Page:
Post by mourningdoves on Sept 13, 2017 22:22:27 GMT -5
Here is Antonie van Leeuwenhoek on a 1937 Dutch semi-postal. (The fine print below the image is the only way you can tell it's a semi; it says "toeslag 3½ ct".)
Leeuwenhoek had very limited formal education. Except for a brief time in Amsterdam, where he learned the fabric and textile trade, he spent his entire life in Delft. He did not actually invent the microscope; what he did was learn how to make lenses and build single-lens microscopes that were superior to any compound (multi-lens) microscopes around. While looking through his lenses, he saw things. He was the first person to view and describe single-celled organisms (apparently he had exceptional eyesight), and he wrote descriptions of red blood cells that were more accurate than any before. He also discovered bacteria (he called his microscopic findings "animalcules"), and he discovered spermatozoa - which, combined with his close observations of things like fleas and maggots, allowed him to formulate a new, accurate theory of reproductive cycles. He sent his descriptions to his fellow microscope fiend Robert Hooke, who got them published in the Royal Society's proceedings - and who learned Dutch just to be able to communicate with the monolingual Leeuwenhoek.
Post by mourningdoves on Sept 15, 2017 19:08:49 GMT -5
Heike Kamerlingh Onnes on a 1936 Dutch stamp. Like the Leeuwenhoek stamp just above here, it's a semi-postal; unlike the Leeuwenhoek stamp, there isn't any fine print, and I guess you're just supposed to know.
Kamerlingh Onnes (he had a double surname) was a physicist who specialized in how things behave at very low temperatures. For instance, he was the first person to liquefy helium, bringing it down below its boiling point, which is -269°C, or 4.2°C above absolute zero. He did that in 1908. A couple of years later, experimenting with lead and tin at similarly frigid temperatures led him to the principle of superconductivity. He also might have coined the word "enthalpy" (here is NASA's definition). For this and more, he received the 1913 Nobel Prize in Physics.
Post by mourningdoves on Sept 16, 2017 21:55:39 GMT -5
Here is Milutin Milanković on a 2004 stamp from what was then the State Union of Serbia and Montenegro.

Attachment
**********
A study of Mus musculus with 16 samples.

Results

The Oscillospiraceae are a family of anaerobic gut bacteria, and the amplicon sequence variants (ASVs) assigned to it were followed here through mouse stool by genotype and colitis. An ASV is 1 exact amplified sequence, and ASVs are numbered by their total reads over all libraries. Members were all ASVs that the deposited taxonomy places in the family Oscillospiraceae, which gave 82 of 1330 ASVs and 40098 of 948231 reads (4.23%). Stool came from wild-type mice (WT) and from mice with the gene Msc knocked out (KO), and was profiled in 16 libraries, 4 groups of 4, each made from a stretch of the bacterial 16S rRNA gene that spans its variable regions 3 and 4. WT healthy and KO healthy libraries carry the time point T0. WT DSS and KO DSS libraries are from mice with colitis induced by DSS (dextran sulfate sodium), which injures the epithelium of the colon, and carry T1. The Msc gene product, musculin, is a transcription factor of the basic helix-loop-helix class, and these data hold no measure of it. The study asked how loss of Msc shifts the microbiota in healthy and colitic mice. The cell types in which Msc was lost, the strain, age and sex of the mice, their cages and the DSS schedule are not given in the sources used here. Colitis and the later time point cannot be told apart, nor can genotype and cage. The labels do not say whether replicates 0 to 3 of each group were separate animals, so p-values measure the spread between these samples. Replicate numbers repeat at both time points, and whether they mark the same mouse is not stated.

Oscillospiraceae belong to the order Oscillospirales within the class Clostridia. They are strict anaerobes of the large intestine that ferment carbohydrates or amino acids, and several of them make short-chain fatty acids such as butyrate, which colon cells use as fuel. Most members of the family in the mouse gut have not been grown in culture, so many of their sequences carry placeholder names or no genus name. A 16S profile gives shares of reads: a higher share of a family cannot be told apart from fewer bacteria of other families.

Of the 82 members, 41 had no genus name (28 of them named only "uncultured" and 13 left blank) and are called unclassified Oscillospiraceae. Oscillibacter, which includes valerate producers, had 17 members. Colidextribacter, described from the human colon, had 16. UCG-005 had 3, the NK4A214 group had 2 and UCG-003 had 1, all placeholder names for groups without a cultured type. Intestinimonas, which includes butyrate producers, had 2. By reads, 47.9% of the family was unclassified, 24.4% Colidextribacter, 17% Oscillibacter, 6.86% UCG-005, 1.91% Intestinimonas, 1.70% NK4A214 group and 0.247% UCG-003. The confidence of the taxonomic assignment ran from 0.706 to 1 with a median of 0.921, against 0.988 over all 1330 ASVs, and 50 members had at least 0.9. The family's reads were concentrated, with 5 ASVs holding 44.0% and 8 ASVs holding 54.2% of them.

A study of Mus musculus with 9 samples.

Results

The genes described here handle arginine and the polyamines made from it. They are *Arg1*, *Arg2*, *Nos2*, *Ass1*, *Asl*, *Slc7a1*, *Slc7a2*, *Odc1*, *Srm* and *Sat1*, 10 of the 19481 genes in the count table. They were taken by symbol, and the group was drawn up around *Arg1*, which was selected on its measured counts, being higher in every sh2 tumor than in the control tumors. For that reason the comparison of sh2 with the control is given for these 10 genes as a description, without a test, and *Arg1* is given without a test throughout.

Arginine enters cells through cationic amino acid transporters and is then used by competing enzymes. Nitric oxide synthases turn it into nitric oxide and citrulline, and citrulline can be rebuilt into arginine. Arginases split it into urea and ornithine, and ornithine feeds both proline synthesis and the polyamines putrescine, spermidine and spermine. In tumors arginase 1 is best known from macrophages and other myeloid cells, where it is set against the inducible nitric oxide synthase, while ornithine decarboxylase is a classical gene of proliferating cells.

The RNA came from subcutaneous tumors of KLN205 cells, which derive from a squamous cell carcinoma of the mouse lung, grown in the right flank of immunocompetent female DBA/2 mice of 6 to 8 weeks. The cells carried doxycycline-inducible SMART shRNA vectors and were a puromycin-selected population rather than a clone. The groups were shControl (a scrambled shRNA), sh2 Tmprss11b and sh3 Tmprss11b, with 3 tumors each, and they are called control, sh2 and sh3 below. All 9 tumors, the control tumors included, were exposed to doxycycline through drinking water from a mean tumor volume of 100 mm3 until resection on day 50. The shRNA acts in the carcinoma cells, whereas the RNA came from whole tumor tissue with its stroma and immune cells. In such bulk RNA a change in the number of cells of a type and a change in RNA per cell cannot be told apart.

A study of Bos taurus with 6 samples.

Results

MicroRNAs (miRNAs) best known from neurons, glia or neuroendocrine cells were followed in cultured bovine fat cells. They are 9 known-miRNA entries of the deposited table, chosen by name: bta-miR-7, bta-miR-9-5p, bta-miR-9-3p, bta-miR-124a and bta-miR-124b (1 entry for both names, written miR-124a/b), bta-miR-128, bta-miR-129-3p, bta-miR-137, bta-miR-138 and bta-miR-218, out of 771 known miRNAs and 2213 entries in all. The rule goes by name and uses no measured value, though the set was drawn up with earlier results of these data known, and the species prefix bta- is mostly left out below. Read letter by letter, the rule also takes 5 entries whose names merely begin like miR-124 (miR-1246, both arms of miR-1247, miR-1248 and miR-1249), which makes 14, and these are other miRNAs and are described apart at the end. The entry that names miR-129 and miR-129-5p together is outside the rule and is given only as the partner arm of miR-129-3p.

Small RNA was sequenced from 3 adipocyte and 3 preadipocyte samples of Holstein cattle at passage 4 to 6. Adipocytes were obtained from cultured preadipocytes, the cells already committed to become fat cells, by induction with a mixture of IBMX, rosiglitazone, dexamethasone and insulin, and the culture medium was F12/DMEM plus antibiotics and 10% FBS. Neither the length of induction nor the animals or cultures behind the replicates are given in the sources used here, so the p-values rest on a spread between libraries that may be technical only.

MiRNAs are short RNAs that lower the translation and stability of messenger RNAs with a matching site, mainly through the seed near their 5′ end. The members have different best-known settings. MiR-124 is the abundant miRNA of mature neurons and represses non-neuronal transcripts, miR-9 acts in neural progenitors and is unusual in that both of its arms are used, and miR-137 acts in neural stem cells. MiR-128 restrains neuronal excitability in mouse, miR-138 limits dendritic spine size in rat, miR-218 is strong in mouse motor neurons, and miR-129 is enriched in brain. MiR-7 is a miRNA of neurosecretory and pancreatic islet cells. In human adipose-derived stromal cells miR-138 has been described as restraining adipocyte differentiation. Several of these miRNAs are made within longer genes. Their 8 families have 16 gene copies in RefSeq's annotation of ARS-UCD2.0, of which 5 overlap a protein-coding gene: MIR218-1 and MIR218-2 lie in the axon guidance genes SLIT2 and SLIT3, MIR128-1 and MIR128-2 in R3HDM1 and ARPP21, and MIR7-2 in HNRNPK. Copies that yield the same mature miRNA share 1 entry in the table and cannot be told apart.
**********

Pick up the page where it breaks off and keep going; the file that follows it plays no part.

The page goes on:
Milanković was a mathematical prodigy, and after earning a Ph.D. in engineering and starting a career in Vienna, he obtained a job on the faculty of the University of Beograd. While he was on the faculty there, he supervised some engineering projects (such as road and bridge construction), represented Yugoslavia to the International (now World) Meteorological Organization, and developed a mathematical theory that set out to claim that there were patterns in climate change through the aeons: past episodes could be explained, and future ones predicted, through a complex series of data that included the distance of Earth from the Sun, continental drift, and changes in the orientation of Earth's axis. In a way, he took the mathematical foundations of weather that Vilhelm Bjerknes had established a few stamps ago and extrapolated their principles into the past and future. The stamp incorporates some of his theories in a concise, subtle way that science geeks of all stripes can enjoy.
And as if that wasn't enough, he wrote a series of pop-science books - the George Gamow of Serbia, you might say - and revised the Julian calendar to make it more accurate than the Gregorian, though it hasn't caught on so far.
Post by mourningdoves on Sept 18, 2017 21:55:47 GMT -5
Theodor Kjerulf, geologist, on a 1974 Norwegian stamp.
He performed one of the first exhaustive geological surveys of southern Norway. That work, and some earlier work in Iceland, were important contributions to our knowledge of the extent of the Ice Age and the long-term effects it had on northern geology. Information about him in English online is spotty - there is more in Norwegian - but this obituary. from the archives of The Geological Magazine (probably from late 1888) at Cambridge University, offers an appreciation of Professor Kjerulf's life and work.
Edited to add: He also published three books of poetry.